Daniel A. Hoyt teaches in the English Department at Baldwin-Wallace College. Then We Saw the Flames won the 2008 Juniper Prize for fiction and was subsequently published by University of Massachusetts Press. Other short stories have appeared in Kenyon Review, Quarterly West, Indiana Review, Cottonwood, Natural Bridge, and other literary journals.


Short Story Collections

And Then We Saw the Flames
(University of Massachusetts Press, 2009)

reviewed by Jason Makansi

Interview with Daniel A. Hoyt

The Short Review: How long did it take you to write all the stories in your collection?

Daniel A. Hoyt: The first draft of the earliest story in my collection was written in 2001, and the last one was finished in the summer of 2007. As I look back, it's telling that they were all written during the Bush administration.

TSR: Did you have a collection in mind when you were writing them?

DH: The prehistoric bones of my collection were my creative dissertation at the University of Kansas. I always thought I was working on a collection, but as I wrote, I made a conscious and committed effort to experiment with style, point of view, and structure. Even though the stories are so different, I believe that they fit together, that they accumulate meaning and resonance by being side by side.

TSR: How did you choose which stories to include and in what order?

DH: I defended my dissertation in 2004, but I worked on the manuscript for at least three more years. An agent thought it was too eclectic to sell, but he felt it could find a home at a university press. He was right, and I am grateful to all of the good folks at the University of Massachusetts Press, especially Noy Holland, the magical force behind the Juniper Prize for Fiction. As I revised and sent the book out to university press contests, I constantly tinkered: cutting stories, adding new ones, revising pieces that hadn't yet been published in literary magazines, even changing the title (At various points, the book was named A Book Full of Typos, The World Requires Coping Mechanisms, A Sort of Family, etc.). The collection was two stories longer when I sent it in to the Juniper Prize competition, but Noy suggested that I trim two historical pieces (one about Charles Dickens, the other about Vincent Van Gogh). Their deletion helped pull the collection together even more; it became a more concentrated reflection of contemporary life. In terms of sequence, I tried to balance point of view and tone. Mainly, I knew that I wanted to start with Last Call of the Passenger Pigeon and end with Big Springs. The rest just fell into place.

TSR: What does the word "story" mean to you?

DH: My first impulse is to get Merriam-Webstery and say that it's a piece of fiction that can be read in a single sitting, but my deeper intellectual and emotional belief is that in a story — which is not just a scene or a riff or a slice of life — something has to happen: the baker needs to call and call and call about Scotty's cake, the girl needs to fall out of the treehouse, the pump repairman needs to get whacked with a wrench. In the stories I read and write, I want meaning and character and conflict, and in the end, I hope everyone — the characters, the reader, and the writer — are left in some new place, in some different mood or mode. A story is also a tribe of words; they all belong, and somehow they initiate us.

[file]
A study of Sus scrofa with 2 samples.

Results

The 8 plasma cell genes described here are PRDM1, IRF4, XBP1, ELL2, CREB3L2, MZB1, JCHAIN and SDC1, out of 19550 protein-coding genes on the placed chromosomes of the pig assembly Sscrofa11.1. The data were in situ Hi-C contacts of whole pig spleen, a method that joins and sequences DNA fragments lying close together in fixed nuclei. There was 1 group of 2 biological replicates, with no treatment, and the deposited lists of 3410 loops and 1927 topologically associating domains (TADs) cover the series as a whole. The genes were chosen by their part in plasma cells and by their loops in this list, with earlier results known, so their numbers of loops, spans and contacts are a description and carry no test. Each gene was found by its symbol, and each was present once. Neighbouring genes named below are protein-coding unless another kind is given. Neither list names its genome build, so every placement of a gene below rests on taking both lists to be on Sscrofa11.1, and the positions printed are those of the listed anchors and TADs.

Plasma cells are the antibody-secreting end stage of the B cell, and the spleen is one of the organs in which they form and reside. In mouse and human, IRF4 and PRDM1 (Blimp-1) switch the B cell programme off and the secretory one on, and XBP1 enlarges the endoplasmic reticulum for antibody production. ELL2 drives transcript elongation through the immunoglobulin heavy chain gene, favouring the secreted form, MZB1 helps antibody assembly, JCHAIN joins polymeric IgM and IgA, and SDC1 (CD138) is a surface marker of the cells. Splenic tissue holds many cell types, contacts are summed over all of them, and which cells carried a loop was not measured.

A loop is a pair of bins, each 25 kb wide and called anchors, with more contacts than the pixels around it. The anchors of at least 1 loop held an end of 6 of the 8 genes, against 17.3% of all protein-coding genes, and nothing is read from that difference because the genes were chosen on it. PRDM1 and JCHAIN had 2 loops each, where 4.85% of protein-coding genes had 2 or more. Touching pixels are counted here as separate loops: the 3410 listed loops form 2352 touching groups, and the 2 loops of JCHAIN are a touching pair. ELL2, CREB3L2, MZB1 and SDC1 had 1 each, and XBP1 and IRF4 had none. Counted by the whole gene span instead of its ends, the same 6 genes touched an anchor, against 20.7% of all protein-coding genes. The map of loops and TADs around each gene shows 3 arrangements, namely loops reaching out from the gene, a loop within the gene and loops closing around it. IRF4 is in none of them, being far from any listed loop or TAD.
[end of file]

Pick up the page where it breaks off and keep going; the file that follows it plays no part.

TSR: Do you have a reader in mind when you write stories?

DH: I don't have a particular reader in mind at all, which probably means I write too often to please myself, but my wife is my first and best reader, and she sees everything when it is nearly done. Sometimes I watch as she reads a draft, and when I see her shudder at something especially gritty, I feel a snappy and peculiar glee.

TSR: Is there anything you'd like to ask someone who has read your collection, anything at all?

DH: Do you need anything? A glass of water? A hug? A shot of rye?

TSR: How does it feel knowing that people are buying your book?

DH: It's remarkably wonderful and humbling at the same time. I'm grateful to anyone who gives time to my book, to any book actually. Some people have loved it, and others have told me frankly — and sometimes exasperatedly — that they didn't understand a damn thing. I consider both reactions a necessary neurochemical result.

TSR: What are you working on now?

DH: Like many (most? all?) short story writers, I have been encouraged to write a novel. I am working on one, maybe two.

TSR: What are the three most recent short story collections you've read?


DH: Well, this semester, I re-read The Things They Carried by Tim O'Brien, How to Breathe Underwater by Julie Orringer, and Jesus' Son by Denis Johnson because I taught them in an introductory literature class. Before that, however, I think the last three collections I read were Yiyun Li's A Thousand Years of Good Prayers, David Foster Wallace's Brief Interviews with Hideous Men, and Joshua Furst's Short People. But Danit Brown's Ask for a Convertible might have been one of the last three, or I might have re-read Kelly Link's Magic for Beginners sometime around then, too. They were all books I taught in the spring in an advanced class on the contemporary American short story. I teach it every other year, and I usually teach seven or eight collections, all from the last 10 years. At least half of them are new to me, and I let the students nominate books and then vote on one to read. (They selected DFW, by the way. Smart kids.) I read a lot of individual stories in literary magazines and The New Yorker, of course, and Wells Tower's Everything Ravaged, Everything Burned sat on my writing table and gave me the evil eye for all of November. I eventually had to tuck it out of sight, but I hope to read it over the holidays. As I type this, I feel a shiver of guilt. Wells, I apologize.